The secret to career change is to put active research before you go into job search mode....read more
There is a growing trend for people to change careers in their 40s and 50s. How can you go about it?
It’s estimated that by 2020 a third of the workforce will be over 50. It’s a factor of our ageing population, but also that we are staying healthy for longer and staying in work long into our 60s.
We’re also seeking new challenges and inspiration from our work, which is creating a growing trend for people to change careers in their 40s and 50s. With the ‘job for life’ long gone, we’re taking control of our careers.
If you’re considering a career change in your 50s, read on for advice and suggestions on how to approach it.
In choosing a new direction, think about the reasons why you want to change your career. Perhaps you need a change of pace? Some people want to work less in their 50s and make time for hobbies and other interests, while others feel that they want to step up a gear and take on new challenges and responsibilities.
Are you seeking more flexibility – in working hours or location perhaps? Or is it simply that you’re ready for a change after a long time in your current role? Perhaps you’ve been a stay-at-home mum who now needs a new focus.
If you’re not sure what you’d like to do as your new role, think about what you enjoy about work, the skills you have and what you’re passionate about. Are you happy to be managed or would you prefer to be your own boss?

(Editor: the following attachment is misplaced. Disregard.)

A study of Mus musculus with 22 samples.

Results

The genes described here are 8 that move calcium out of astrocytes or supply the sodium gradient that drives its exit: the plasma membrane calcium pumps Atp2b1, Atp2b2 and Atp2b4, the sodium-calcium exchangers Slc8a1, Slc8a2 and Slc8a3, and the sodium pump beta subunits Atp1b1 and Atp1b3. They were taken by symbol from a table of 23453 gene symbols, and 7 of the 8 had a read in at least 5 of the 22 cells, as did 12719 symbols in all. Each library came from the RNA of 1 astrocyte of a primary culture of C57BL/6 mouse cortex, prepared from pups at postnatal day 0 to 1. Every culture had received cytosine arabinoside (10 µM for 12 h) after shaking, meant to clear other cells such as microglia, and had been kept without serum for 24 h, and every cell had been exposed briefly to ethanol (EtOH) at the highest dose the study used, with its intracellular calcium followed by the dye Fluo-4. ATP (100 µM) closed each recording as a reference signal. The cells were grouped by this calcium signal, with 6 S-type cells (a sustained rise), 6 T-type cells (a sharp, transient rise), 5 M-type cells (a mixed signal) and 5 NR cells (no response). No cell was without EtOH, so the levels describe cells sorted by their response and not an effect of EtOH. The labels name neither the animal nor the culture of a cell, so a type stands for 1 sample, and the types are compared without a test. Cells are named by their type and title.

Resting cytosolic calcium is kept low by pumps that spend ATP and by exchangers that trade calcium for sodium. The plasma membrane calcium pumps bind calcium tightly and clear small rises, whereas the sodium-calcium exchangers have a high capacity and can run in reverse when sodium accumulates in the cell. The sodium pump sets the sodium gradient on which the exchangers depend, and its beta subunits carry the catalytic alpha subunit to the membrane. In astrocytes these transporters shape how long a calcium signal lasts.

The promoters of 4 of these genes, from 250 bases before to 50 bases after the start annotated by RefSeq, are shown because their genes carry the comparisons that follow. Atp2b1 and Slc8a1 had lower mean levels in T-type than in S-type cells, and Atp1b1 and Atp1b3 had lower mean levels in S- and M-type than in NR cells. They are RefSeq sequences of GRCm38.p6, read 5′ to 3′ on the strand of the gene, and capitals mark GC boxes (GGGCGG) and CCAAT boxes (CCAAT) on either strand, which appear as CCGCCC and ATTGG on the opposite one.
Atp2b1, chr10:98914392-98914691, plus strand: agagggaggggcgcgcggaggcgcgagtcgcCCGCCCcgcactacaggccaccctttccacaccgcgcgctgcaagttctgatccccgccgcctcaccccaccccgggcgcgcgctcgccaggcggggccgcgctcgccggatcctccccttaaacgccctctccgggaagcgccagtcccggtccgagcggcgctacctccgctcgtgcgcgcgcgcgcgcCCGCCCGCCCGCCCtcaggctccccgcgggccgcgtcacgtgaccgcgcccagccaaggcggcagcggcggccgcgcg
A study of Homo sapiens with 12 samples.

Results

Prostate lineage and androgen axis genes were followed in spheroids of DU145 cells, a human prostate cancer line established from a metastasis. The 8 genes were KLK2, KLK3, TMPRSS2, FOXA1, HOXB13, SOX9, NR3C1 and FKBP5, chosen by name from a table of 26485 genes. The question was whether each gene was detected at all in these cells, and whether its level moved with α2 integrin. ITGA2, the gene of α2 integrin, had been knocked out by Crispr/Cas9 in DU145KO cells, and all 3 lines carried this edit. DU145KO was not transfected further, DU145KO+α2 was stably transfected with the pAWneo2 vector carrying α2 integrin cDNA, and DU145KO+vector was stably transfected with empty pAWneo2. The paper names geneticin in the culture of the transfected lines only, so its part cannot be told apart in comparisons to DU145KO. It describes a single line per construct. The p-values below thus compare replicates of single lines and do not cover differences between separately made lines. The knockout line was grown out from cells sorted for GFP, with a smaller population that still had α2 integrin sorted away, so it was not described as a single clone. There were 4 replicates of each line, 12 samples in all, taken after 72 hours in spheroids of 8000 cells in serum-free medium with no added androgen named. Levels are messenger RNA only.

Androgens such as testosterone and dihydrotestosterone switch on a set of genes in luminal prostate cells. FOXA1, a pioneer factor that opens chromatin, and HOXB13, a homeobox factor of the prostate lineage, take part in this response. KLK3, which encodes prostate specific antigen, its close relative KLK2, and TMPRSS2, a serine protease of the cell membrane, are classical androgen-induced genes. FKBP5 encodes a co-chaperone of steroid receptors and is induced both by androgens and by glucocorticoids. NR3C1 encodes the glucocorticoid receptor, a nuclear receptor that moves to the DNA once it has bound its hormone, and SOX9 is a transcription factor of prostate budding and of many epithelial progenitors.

Many people in this age group seek to do something more creative, more rewarding or more ‘worthwhile’ with their time.
Teaching is an increasingly popular choice for people in their 50s – whether it’s in schools, in college or university, or privately. It’s an opportunity to share your knowledge and experience, and take pleasure in seeing others learn.
People often seek to work in the charity sector, both as volunteers and as paid employees, while others set up their own businesses and become their own boss.
If you’ve spent a good amount of time in the business sector, you have a number of options including interim work, where you lend your expertise for a short term contract to help businesses overcome certain challenges. Many people over 50 seek non-executive director positions too, where you sit on the board of a company to help it make strategic decisions for the future.
If these ideas don’t appeal, think about your passions. Would you like to work with children or animals, or focus on your creative skills like sewing, art or crafts?
Or do you want to do something completely new, in which you might have no experience at all?
If you want to take up a totally new career, the Government is actively targeting people aged 50 and over to encourage them to take up apprenticeships. More than a tenth of people in apprenticeships today are aged over 45.
There is a vast range of opportunities on offer, at different educational levels, and in many different fields from agriculture to banking. You can explore the opportunities on the government website.
Once you’ve found a new career that appeals to you, take a little time to think through what it will mean in practice. Will you need so save up to fund the training, or pay the bills while you’re learning your new trade?
What impact will the new role have on your life at home – will you have less time to cook and clean, or more spare time to fill?
How will you approach handing in your notice? Many employers these days are very supportive and may even allow you to continue working while you retrain or start setting up a business.
There are lots of good sources of advice online, so do your homework and get planning!